As promised, I am asking to international travellers and people living and working in a foreign country to share their life stories with me to know why they decided to leave families and friends behind to explore new realities and meet new cultures!
Are you curious about how they managed to adapt and settle in their new countries? Then follow my expat interviews categorised by country! Are you an expat wanting to share your tips and experience with the rest of the world and be a source of inspiration? Then fill in the expat interview form: I would love to hearing from you!
“Travelling—it leaves you speechless, then turns you into a storyteller.” Iba Battuta
Let’s meet Jennifer: from rainy London to the legendary Athens
Introduce yourself briefly. Tell us who you are!
I am a 35 year old Spanish woman, from the Canary Islands. My passion has always been learning about different cultures, integrating with them, helping people who are in need of any kind, music and dancing.
My plan for the next few years is working for a NGO going internationally helping people, as well as continue learning languages.
Why did you move to your current country?
After living in London for 10 years, I thought it was about time to move somewhere with a bit more sun and better quality of life. Before coming to Athens I lived 6 months on the beach in Valencia, Spain. It was great, but way too quiet in winter, I needed to get somewhere with more action! So I started searching for jobs related to my career (Spanish Interpreter and Translator), and I was very lucky to get an opportunity for a multinational company, in Greece. I didn’t have to think twice!
What do you do for a living? How was the job hunting?
I am working in the social media field at the moment and I have to say it’s pretty cool. The job hunting was short, I was contacted directly by the company via LinkedIn and I thought it sounded too good to be true, but here I am!
How is the social life in your city, is it easy to make friends?
Omg, social life here is a must! I thought it’d be very difficult because of the language, but it turns out most people speak English or Spanish and everyone is very friendly, especially if they come from other areas that isn’t the city. There are taverns, cafes, pubs, bars and restaurants everywhere! The weather makes it very easy to be outside too. I am very lucky that almost everyone in my company are foreigners, so we all help each other and don’t feel lonely.
Why should people move there? Why did you fall in love with this place?
If you love sun, sea, good food and the option to visit gorgeous islands easily, this is the place! I fell in love with Athens because while living in London I always knew that my next place had to be by the sea and somewhere warm. It turns out I am just in that place! I am in a beautiful neighbourhood next to the sea and very well positioned. I can’t get enough of this (for now, until my next destination!)!
What do you want to say to people looking to move there?
My top advice is not to get fooled from people taking advantage of you.
-Keep your belongings securely at all times on the streets.
-Find an area that you feel comfortable in.
-Make sure you meet someone who speaks your language so you don´t feel lonely at the beginning. Have fun!
How is the health system? Is it a safe place to live in?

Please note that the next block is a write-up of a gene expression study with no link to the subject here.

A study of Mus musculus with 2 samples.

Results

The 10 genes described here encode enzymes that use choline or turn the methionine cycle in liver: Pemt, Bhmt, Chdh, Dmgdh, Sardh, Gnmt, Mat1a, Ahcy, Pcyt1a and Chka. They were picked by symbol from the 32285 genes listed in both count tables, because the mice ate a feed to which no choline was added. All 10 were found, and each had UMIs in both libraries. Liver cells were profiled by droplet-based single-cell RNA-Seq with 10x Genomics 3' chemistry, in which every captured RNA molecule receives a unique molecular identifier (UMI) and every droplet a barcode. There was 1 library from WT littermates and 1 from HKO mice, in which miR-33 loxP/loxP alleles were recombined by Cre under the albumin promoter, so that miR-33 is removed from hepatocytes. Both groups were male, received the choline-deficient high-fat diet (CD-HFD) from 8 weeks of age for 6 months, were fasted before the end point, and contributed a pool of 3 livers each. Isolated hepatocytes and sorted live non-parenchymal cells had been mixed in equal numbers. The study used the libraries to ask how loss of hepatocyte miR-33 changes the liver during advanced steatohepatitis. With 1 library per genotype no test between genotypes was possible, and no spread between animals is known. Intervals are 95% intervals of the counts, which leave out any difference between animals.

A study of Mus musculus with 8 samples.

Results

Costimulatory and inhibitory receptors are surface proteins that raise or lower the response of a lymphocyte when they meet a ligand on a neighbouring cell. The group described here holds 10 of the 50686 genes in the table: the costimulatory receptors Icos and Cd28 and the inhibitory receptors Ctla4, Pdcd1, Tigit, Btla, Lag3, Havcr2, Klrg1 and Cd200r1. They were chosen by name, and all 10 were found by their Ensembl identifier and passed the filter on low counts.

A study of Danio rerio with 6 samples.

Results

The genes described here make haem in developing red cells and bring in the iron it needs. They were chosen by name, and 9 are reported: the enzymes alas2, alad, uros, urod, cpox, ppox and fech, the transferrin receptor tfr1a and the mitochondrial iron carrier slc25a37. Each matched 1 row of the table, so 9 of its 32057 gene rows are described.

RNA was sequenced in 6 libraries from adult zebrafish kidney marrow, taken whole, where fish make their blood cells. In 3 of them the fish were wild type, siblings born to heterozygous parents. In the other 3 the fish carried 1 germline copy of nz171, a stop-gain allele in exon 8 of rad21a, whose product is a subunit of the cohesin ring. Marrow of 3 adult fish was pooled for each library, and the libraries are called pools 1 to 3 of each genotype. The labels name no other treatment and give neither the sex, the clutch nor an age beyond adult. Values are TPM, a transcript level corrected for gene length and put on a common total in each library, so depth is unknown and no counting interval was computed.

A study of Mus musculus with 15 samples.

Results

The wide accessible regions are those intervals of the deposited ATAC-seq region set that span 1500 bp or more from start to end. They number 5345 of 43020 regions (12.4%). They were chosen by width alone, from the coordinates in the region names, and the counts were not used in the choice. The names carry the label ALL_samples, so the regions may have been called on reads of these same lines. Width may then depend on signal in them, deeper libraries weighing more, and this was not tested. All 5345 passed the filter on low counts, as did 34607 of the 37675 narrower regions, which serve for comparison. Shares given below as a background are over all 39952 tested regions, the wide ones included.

Luckily I haven´t had to go to a doctor or hospital yet, but from what I hear you can´t expect much if you are a foreigner because it will be hard to find someone who speaks your language, or English.
It´d be better to have a private insurance, especially if your company provides it, so they can help.
How is the general cost of living, what is the average rent?
This is a tricky one… So rents are cheap (if you compare it with a place like London), I pay 200 euros for a studio flat (it´s not that easy to find this deal), generally foreigners start paying around 300 euros for a room in a shared flat, and then they realise there are ways to find cheaper deals and better conditions.
It´s known that the average salary in Greece is really low (unless you are lucky and work for a foreign company, like me), that´s why the rents are cheaper.
What I find really expensive is the food. I still don´t understand how can locals afford eating properly. For example, I haven´t seen any meat cheaper than 8 euros for a small tray. A small piece of cheese costs 12 euros!
Maybe the locals know of other places and I´m missing out.
There are farmer markets every week, but it seems to me that their food goes off quite faster than the one from supermarkets (sadly), so it all depends on what you want and need.
Tell us something you don’t like about where you live and the difficulties you came across when settling in.
I don’t like not being able to understand the language yet… Going to the supermarket is a bit of an adventure to me, because I don’t understand what it says on the packages and more than once I bring home the wrong thing.
Also, the signs of the recession the country had are evident. Most neighbourhoods are quite destroyed due to the lack of money to repair the houses etc, and I’m not talking about the historical ruins!
One more thing is that sometimes the locals try to take advantage of foreigners thinking that we are stupid, and they charge us more money than a local person, so you have to be careful!
Also, beware of pickpockets!!
Tell me an unmissable thing to do in your city over a weekend
Visit the Acropolis! Obviously 🙂
You can´t miss having a stroll in the evening, checking out the incredible amount of fun places to have a drink or two and a Souvlaki! I personally like going out around Monastiraki, in the city Centre, or Kastella in Pireus.
Did you find Jennifer’s experience useful? Then check out the other upcoming expat interviews in other cities!